Children across the country will become part of the coronation’s “national moment” by drawing hundreds of thousands of individual artworks of the King to form a giant digital portrait.
BBC Children In Need requires more than 5,000 contributions to achieve a Guinness World Records title for the most online contributions to a digital artwork for its the Royally Big Portrait project.
Artist Sam Barnett, who has been commissioned by the charity to create the portrait, told the PA news agency the idea is about helping children feel “awe and wonder” at something they have created.
He added: “If you can make a kid feel like they’ve broken a record, they are history makers, they’re part of this national moment.”
Mr Barnett said Charles’s portrait will later be displayed at digital exhibition space Outernet London by scanning children’s pictures that are submitted on the Children In Need website and then slotting them into another artwork of the King’s face.
Visitors will be able to locate their individual drawing within the portrait using iPads and see their personal contribution on wraparound screens in the space’s Now Building near Tottenham Court Road.
Explaining how the portraits are digitised, Mr Barnett said: “So now you’ve got to project a kid’s scrunched-up piece of paper drawing, (as) it needs to be four storeys high at high resolution and look magnificent.”
He added that using “artificial intelligence” the image is extracted, cleaned, scaled digitally and then matched within the portrait to an appropriate part as new images continue to come in.
Mr Barnett added: “I’m getting these random messages (from) people I never met, never heard of, just about how that brought them closeness as a family (because) they’re doing new things with their kids.”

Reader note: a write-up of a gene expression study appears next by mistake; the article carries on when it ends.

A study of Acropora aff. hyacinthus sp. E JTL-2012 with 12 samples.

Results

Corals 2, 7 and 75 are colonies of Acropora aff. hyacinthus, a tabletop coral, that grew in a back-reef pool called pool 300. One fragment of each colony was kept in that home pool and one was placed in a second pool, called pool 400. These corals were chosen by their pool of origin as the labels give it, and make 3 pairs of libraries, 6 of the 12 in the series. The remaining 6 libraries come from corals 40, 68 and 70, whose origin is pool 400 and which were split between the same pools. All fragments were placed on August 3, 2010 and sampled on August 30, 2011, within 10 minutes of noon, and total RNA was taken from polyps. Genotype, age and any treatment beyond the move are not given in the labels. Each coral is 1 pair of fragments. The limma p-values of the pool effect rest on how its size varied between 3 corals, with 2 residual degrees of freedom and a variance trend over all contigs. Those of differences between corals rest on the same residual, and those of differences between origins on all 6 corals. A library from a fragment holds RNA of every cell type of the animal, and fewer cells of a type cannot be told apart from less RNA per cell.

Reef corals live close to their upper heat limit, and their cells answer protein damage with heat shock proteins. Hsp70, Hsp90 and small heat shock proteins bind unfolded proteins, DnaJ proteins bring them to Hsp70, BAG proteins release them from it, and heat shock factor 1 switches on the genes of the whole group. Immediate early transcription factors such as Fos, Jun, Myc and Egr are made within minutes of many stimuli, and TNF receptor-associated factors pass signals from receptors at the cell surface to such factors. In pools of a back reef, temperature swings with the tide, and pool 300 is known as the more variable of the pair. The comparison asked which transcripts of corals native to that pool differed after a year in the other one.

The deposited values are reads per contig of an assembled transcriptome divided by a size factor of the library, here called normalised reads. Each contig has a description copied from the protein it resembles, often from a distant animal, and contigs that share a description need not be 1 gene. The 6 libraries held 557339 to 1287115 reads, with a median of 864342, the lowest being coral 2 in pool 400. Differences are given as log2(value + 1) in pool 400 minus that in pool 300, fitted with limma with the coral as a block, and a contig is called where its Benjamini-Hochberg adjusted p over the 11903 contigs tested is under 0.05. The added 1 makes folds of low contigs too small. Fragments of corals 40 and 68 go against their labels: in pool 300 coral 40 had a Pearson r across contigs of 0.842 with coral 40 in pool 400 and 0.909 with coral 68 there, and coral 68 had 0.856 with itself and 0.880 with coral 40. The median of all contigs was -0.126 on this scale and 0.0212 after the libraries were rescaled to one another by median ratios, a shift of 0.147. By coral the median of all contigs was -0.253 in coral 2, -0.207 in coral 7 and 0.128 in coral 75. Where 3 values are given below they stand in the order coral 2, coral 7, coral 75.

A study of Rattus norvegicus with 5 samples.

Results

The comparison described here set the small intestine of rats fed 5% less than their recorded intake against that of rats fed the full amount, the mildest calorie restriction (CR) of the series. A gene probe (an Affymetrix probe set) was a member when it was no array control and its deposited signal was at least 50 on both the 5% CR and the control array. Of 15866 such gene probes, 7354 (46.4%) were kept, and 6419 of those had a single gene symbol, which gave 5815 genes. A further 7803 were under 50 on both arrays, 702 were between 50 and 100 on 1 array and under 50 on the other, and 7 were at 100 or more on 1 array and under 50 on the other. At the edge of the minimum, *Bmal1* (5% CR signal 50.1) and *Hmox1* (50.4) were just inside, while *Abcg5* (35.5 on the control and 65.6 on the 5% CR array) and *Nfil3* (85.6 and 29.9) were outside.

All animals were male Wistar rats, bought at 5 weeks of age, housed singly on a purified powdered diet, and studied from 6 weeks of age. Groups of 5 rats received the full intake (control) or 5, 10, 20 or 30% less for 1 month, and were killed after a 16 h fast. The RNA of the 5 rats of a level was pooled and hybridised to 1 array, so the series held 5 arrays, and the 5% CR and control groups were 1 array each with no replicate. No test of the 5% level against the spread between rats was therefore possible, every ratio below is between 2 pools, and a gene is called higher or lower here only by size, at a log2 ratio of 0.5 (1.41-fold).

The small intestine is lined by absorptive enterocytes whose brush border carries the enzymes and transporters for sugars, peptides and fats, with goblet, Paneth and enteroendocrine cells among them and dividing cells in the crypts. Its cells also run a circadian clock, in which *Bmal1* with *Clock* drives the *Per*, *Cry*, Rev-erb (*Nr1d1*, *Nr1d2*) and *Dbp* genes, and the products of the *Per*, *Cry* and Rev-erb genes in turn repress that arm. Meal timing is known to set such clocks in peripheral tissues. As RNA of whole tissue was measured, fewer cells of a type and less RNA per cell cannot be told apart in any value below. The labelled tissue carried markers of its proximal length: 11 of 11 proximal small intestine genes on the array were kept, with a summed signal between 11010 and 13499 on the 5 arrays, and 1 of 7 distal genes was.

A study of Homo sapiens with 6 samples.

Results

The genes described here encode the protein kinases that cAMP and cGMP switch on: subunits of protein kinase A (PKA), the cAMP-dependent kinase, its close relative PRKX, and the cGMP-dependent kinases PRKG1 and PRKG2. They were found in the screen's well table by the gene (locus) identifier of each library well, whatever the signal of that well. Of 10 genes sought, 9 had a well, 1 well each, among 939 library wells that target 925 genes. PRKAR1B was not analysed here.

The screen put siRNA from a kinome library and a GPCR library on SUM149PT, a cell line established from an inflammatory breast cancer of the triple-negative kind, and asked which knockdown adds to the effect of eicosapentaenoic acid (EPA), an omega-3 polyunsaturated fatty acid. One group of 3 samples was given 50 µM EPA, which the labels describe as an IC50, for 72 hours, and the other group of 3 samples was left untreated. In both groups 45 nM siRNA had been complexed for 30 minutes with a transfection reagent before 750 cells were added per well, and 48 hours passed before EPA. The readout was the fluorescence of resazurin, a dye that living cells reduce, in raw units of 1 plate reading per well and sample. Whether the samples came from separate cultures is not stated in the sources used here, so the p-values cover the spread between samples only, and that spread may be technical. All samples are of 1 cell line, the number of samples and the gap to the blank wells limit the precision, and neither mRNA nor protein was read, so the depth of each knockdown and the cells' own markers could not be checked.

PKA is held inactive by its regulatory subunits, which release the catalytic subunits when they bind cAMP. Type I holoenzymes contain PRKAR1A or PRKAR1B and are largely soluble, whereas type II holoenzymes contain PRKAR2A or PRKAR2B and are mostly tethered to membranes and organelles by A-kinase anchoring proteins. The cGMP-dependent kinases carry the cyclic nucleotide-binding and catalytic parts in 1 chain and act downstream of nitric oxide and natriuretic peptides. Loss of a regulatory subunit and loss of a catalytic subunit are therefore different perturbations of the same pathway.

The former venture capitalist, who used to own a technology company, helped organise the world’s largest-ever art lesson which broke the Guinness World Record after more than 40,000 people attended.
Now a full-time artist, Mr Barnett also said his new project has worked with education company Twinkl to create a lesson plan for teachers about the monarchy to make it easier for schools to contribute to the artwork.
He added: “I want to make it (clear to) everybody you don’t need stuff, you don’t need skill, you don’t need to feel like you can draw. Anyone can do it. Just follow along with daft old me. I’ll help you along.”
The National Portrait Gallery, which is reopening in June, will also share portraits of monarchs throughout history from its collection to help inspire all those taking part.
Visitors to Outernet London will also have the opportunity to contribute to the final portrait by taking part live between May 1 and 8.
The final portrait will be auctioned by Christie’s at The Outernet during a special event on May 4, with proceeds going to BBC Children In Need.
Explaining how it will look, Mr Barnett said: “All the kids’ portraits are involved, you can zoom in and see all the kids’ portraits, and it will live on … a frame on the wall.”
Physical prints of the artwork will also be available through the charity’s website as it raises funds to support the lives of vulnerable children and young people in the UK who have been affected by food insecurity.
Submissions for the Royally Big Portrait project close on Friday April 28.